Microstructure analysis of marine seismogenic turbidites in Kumano forearc basin

Tuesday, 15 December 2015
Poster Hall (Moscone South)
Natsumi Okutsu1, Juichiro Ashi2, Akiko Omura1, Asuka Yamaguchi2, Yusuke Suganuma3 and Masafumi Murayama4, (1)Atmosphere and Ocean Research Institute University of Tokyo, Tokyo, Japan, (2)University of Tokyo, Bunkyo-ku, Japan, (3)Institute of Polar Research, Tokyo, Japan, (4)Kochi Univ, Nankoku, Japan
An elongated depression was located in an ENE-WSW direction between the southern margin of the forearc basin and the outer ridge off Kumano. A terminal basin that captures all sediments supplied from outside is developed within this depression, making it an adequate site to study paleoseismology using seismogenic turbidites.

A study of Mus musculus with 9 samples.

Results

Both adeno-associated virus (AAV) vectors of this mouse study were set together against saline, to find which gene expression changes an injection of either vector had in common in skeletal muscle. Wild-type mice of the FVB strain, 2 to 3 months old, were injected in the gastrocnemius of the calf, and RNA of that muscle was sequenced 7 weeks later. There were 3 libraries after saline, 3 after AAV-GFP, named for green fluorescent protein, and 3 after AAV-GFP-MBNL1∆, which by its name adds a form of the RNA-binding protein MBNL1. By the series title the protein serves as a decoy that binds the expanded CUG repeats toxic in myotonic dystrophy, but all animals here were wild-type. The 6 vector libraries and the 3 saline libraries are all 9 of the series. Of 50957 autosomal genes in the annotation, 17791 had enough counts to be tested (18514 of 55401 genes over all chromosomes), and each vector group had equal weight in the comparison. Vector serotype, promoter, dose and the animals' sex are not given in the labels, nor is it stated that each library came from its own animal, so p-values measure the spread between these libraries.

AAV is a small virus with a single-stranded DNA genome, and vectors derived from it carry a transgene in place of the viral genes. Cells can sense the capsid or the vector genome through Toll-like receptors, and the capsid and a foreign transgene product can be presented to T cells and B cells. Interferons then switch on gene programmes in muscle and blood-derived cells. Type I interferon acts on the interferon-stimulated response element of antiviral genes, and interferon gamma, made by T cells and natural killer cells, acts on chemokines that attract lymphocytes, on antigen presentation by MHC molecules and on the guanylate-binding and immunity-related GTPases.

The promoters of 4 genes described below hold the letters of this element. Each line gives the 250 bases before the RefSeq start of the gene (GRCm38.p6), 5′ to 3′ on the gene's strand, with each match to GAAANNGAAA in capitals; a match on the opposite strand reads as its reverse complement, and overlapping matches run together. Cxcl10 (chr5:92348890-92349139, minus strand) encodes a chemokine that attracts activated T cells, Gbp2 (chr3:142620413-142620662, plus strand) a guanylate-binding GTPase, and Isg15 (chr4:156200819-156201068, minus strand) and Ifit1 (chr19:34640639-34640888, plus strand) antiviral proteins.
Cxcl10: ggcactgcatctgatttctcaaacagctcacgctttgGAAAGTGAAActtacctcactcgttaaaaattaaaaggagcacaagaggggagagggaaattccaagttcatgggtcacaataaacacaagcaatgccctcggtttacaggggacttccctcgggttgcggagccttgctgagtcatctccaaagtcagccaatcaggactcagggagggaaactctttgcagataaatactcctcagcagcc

Previous study results reveal the Cs-137 and Pb-210 that the upper 17-cm mud layer was deposited immediately after the 2004 off Kii Peninsula earthquakes (Ashi et al., 2015, JpGU Meeting abstract). We herein investigate the characteristics of marine seismogenic turbidites based on various measurements including their compositions, X-ray CT images, and anisotropy of magnetic susceptibility (AMS). We observed a very thin fine-grained sand layer of 6 mm thick at 17 cm below seafloor and a volcanic ash layer of 15 cm thick at 5.1 m. The X-ray CT image shows seven silty clay laminations thinning upwards at 6 -15 cm below seafloor with homogeneous clay based silt above it, and several foraminifera-enriched layer below 1.7 m. The AMS parameters decrease upwards in the interval showing parallel/cross laminations and the lowest value is measured in the overlying silt layer. Moreover, the paleocurrent directions showed the NW-SE flow direction. These results indicate that the upper 17 cm layer beginning from the very fine-grained sand can be interpreted to be formed by a low density reflected gravity flow between the SE and NW dipping slopes of the basin. Structural observations by X-ray CT scanner reveal characteristic structures yielding various orientation oblique to bedding plane at the mud layer 17 cm below seafloor, suggesting that the structure is likely formed by coseismic deformation accompanied by the earthquake in 2004 or earlier ones. Magnetic fabrics derived from AMS measurements and the structure observed by X-ray CT scanner also agree to this picture.